Communication and Development Studies (CommDev), a partnership between the School of Telecommunications and the Center for International Studies, is one of the few graduate programs in the world to focus on the role of communication in social development and change. The program grows out of Ohio University’s historical commitment to improving the quality of life in developing communities, both overseas and in the U.S. The 70- credit hour master’s program offers interdisciplinary education in the planning and administration of communication projects in areas such as health education and disease prevention, small and medium enterprise development, gender issues, distance education, environmental protection, conflict resolution, and social and political institution-building. As a specialized professional program, it prepares graduates for leadership roles in development organizations, government and international agencies, NGO’s, media and higher education. CommDev actively recruits students from varied backgrounds to provide a rich, multi-cultural and interdisciplinary learning environment. The program stresses team-building and active learning models, with students undertaking research, projects and campaigns for a range of development agencies and institutions, both in the U.S. and overseas.
The Communication and Development Studies program allows students to enroll in courses offered by a variety of disciplines across the University. The curriculum requires each student to select courses in: communications; development theory; a geographical area such as Africa, Latin America, or Southeast Asia; and an individual specialization. (See development specialization below)
Students can choose one of two coursework tracks—The Language Track (LT) including foreign language study or Non Language Track (NLT). The tracks do not differ significantly, but rather take into consideration the added coursework for those following the language track.
In the second year, students work in teams to design and execute a service-learning (capstone) project. Each student must also complete a field study or internship. For their final graduation requirement students could choose a thesis, comprehensive exam or the implementation of a project. Normally, five quarters are required to complete the 70 credit-hour minimum required for both coursework tracks.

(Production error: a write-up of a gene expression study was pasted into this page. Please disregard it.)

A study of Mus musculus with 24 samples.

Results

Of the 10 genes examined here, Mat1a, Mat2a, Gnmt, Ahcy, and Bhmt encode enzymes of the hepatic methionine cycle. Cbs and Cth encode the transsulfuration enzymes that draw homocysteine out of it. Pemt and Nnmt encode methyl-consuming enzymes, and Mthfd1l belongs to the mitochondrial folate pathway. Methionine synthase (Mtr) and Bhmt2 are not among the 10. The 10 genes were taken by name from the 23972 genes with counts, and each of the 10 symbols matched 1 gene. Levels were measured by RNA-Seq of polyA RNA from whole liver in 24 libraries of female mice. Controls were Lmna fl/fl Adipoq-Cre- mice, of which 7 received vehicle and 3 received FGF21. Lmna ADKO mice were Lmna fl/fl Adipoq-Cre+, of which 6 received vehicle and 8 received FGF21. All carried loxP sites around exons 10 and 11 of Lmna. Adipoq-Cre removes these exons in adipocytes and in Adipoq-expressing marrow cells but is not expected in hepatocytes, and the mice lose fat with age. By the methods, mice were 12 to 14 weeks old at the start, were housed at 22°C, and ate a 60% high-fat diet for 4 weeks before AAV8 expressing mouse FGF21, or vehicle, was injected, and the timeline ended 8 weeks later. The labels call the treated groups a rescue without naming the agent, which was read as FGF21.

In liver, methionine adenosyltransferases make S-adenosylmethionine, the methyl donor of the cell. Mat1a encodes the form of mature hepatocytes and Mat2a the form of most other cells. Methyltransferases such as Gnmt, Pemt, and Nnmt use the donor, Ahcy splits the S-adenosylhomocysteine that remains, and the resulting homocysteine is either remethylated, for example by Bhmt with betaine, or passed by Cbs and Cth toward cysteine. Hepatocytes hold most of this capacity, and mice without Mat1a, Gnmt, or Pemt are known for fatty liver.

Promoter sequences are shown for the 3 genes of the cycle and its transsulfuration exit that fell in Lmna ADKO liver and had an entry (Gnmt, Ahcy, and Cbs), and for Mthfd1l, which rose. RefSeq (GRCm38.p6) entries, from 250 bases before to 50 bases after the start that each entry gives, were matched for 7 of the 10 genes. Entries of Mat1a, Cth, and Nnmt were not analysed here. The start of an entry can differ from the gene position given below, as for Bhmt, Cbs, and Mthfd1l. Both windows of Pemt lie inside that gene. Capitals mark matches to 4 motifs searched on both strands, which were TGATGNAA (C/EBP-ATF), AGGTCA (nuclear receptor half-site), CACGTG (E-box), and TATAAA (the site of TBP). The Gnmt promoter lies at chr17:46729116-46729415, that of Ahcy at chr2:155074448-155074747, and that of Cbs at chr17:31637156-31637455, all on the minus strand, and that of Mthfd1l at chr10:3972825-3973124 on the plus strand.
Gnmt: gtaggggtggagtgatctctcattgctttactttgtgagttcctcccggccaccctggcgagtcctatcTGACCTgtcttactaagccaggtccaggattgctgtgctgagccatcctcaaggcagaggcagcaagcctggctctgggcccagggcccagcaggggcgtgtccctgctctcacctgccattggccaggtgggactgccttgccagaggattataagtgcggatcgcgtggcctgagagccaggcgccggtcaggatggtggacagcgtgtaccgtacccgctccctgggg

Admission is in the fall quarter only (September).
- CommDev Colloquium: 5 credit hours
- Communication core: 5 courses (25 credits)
- Development Theory: 1 course (5 credits)
- Area Studies: 3 courses (15 credits)
- Development Specialization: 1 course (5 credits)
- Internship (up to 5 credits toward required 70)
- Service Learning Project (4 credits) [formally Capstone Project]
- Capstone Requirement: comprehensive exam, professional project or thesis
Development Theory Component
In addition to attending colloquium, students select courses that focus on theories of development and social change. Courses must be approved by the director before enrollment.
Regional area studies courses concentrating on Africa, Southeast Asia, or Latin America can be chosen from course lists available from each area studies program. Programs may also be developed in other geographical areas such as South Asia, Eastern Europe, Middle East, etc. in consultation with the director.
The development specialization is conceived as a professional skills component. Selection of courses depends upon individual goals and objectives. Examples of possible specialization areas include: public health, gender issues, environmental
conservation, economic development, social marketing, information and communication technologies, entertainment-education, journalism, electronic media production, and development administration. Students are encouraged to work with the director in planning their specialization.
Proficiency in a Second Language
Please see Center for International Studies criteria to meet this requirement.